Three day weekends should be three days long

As Veterans Day approaches, the one thing that floats through my mind is the statement that hangs like an unwanted appendage on the school’s academic calendar, “Veterans Day Holiday. Faculty may choose to hold classes. Administrative offices closed.”
This statement is attached to every three-day weekend for the entire school year. Is it fair that the college is allowing faculty to hold classes on all of the three-day weekends?
Columbus Day is a holiday designated to celebrating Christopher Columbus’s arrival in the America’s. It became an official federal holiday in 1937, although the day had been celebrated the years following his arrival.
Veterans Day is honoring the men and women who served in our country’s armed services. It was first celebrated in 1919 and was known as Armistice Day. It wasn’t until 1954 that the name was changed to Veterans Day.
Martin Luther King Day celebrates the birth of an important civil rights activist in our history. Martin Luther King Day was first observed on Jan. 20, 1986.
President’s Day, formerly known as Washington’s birthday, is set aside to celebrate the birthday of President George Washington. People may choose to honor past presidents on this day, but it originally became a holiday to honor Washington.
Lastly, we have Patriots Day, which commemorates the anniversary of the Battles of Lexington and Concord. These are the battles that began the Revolutionary War.
Of course once the students are on summer break, the calendar switches back to the good old “College closed for Memorial Day.”
What entitles faculty to hold classes on these days of observances? Is it because Simmons is choosing to following in the footsteps of larger universities? Doesn’t it look a bit disrespectful?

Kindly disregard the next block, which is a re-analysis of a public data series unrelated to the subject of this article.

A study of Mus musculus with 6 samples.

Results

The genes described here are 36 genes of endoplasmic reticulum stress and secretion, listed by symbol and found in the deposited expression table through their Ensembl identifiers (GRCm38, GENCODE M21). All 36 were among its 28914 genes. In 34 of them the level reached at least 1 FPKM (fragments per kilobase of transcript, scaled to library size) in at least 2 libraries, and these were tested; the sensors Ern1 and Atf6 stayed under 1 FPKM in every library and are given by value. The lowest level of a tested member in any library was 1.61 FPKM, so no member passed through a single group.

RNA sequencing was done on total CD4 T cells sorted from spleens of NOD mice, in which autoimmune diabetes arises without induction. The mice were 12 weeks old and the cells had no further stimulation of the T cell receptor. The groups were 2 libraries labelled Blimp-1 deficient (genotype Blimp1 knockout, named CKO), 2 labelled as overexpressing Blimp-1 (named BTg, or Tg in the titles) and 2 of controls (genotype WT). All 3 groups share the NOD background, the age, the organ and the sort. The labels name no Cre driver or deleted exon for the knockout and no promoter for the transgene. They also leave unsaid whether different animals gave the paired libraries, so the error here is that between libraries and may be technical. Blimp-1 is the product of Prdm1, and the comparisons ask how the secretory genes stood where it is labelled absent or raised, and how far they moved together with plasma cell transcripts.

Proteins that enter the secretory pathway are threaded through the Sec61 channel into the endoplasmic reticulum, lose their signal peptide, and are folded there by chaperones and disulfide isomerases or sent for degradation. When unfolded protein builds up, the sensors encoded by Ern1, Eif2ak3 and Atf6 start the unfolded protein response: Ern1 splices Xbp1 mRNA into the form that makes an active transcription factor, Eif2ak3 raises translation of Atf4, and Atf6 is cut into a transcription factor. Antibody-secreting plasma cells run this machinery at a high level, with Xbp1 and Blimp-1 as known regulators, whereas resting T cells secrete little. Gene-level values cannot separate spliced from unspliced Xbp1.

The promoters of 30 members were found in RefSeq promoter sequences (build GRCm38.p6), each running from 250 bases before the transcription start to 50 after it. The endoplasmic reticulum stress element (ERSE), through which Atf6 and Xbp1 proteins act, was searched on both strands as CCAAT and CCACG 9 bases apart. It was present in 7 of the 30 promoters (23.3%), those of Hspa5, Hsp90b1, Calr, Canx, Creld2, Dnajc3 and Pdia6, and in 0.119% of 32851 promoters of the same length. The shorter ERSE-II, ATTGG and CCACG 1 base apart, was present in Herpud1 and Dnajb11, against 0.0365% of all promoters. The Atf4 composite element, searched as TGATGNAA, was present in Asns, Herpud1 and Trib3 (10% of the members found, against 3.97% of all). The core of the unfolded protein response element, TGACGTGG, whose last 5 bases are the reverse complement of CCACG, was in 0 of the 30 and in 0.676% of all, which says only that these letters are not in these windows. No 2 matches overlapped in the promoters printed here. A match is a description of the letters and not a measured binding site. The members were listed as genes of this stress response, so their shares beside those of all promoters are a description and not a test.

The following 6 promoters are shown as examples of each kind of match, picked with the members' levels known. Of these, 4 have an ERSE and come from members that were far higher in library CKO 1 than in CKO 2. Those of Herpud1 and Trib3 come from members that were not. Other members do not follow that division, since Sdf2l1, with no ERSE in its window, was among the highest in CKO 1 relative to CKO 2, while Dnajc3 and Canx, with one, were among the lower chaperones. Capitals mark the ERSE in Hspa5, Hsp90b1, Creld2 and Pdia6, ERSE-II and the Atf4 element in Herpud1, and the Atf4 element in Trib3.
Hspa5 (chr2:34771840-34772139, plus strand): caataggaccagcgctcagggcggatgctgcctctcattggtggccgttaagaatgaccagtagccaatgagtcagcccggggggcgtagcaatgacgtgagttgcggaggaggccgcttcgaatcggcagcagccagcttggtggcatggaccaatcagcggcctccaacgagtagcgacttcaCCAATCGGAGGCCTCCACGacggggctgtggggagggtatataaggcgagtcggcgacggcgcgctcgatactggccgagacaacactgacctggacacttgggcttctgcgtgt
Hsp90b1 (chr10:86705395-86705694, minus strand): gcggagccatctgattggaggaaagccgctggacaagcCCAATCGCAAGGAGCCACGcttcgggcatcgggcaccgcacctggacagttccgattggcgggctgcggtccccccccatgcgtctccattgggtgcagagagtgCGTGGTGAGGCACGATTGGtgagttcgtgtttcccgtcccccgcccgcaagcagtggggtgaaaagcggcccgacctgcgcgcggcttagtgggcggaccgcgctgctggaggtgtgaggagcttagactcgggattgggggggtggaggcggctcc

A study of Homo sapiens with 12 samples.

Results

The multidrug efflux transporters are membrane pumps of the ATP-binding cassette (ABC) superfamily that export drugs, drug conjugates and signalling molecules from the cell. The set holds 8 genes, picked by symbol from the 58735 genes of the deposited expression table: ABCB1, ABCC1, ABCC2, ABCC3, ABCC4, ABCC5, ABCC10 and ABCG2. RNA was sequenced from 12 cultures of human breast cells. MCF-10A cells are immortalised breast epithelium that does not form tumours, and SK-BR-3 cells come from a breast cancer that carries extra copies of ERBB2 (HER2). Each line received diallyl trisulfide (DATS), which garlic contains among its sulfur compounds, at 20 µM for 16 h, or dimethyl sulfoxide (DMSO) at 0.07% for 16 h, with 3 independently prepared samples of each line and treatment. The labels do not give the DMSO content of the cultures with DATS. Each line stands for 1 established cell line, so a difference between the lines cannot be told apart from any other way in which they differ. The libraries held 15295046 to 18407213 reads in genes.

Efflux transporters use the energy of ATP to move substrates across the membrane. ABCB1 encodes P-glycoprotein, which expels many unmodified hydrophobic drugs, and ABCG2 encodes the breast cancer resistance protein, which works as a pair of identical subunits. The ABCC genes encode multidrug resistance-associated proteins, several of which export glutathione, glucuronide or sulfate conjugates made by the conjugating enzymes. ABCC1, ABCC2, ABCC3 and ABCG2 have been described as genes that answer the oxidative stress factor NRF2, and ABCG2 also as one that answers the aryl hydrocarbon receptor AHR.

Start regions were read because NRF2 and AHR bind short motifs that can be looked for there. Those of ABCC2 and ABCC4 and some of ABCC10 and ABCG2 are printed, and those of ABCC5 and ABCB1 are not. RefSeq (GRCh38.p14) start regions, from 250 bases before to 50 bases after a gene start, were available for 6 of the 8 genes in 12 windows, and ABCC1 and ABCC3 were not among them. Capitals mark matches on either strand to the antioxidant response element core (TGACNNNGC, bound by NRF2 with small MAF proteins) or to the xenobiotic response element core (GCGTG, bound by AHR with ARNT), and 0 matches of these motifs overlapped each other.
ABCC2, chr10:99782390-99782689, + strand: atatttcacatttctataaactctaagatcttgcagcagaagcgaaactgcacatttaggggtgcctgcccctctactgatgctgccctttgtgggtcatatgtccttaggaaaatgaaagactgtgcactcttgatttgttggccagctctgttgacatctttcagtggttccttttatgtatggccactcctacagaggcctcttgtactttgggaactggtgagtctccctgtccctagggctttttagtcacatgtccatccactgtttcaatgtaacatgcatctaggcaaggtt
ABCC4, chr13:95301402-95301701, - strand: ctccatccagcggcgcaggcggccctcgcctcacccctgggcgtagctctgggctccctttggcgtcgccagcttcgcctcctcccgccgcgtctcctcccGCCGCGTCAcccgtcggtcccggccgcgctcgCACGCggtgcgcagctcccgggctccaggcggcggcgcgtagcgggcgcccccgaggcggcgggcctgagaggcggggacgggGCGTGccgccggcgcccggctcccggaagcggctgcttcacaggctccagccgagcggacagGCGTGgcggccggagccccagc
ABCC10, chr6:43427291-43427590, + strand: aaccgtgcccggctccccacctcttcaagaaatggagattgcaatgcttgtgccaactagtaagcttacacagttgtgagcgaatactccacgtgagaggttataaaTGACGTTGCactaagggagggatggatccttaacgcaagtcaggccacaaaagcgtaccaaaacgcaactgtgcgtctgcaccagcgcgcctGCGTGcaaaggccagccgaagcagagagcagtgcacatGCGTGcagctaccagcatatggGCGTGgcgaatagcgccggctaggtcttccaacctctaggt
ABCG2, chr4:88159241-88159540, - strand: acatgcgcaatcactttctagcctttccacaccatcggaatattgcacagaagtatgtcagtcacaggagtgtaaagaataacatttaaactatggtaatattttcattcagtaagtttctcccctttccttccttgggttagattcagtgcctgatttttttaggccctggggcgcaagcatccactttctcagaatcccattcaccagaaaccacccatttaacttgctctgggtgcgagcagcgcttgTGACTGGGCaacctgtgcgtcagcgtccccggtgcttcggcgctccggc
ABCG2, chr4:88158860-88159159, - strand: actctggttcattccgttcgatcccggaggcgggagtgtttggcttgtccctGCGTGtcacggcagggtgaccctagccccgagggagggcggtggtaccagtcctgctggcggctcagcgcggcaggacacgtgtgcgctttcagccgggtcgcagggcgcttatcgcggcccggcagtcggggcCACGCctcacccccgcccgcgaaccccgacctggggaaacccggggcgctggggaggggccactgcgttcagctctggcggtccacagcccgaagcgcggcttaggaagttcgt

Each and every one of these holidays is an important milestone in our country’s history and should be celebrated as such. What happens when the school starts putting “Thanksgiving break. Faculty may choose to hold classes. Administrative offices closed.” I know it may seem a little far-fetched, but all of these so-called “holidays” are as important as Thanksgiving.
One may argue that many times students get more time off then the staff at Simmons, long summer and winter breaks, so it is time for staff to have time off that students do not. Unlike staff, students are not finished once they break for the weekend. Students have athletics, homework, and other commitments that take up much of their free time.
College students look forward to and need these three-day weekends to recoup and catch up on work for the semester.  It won’t be long before students are out in the real work force and these breaks are a part of our past.
As most students choose to look at these days as a chance to sleep in, party on a Sunday night, or catch up on work, these days are more than just time off from school, they are a day off to honor those who have built this country and made history.
So I ask the administration at Simmons that chose to add this “unwanted appendage” to the school’s academic calendar, what was your reasoning behind it? Why make the change now? If you need to have a certain number of days in a semester then add them on  at the end of Aug. or May, don’t take away the days of rememberance.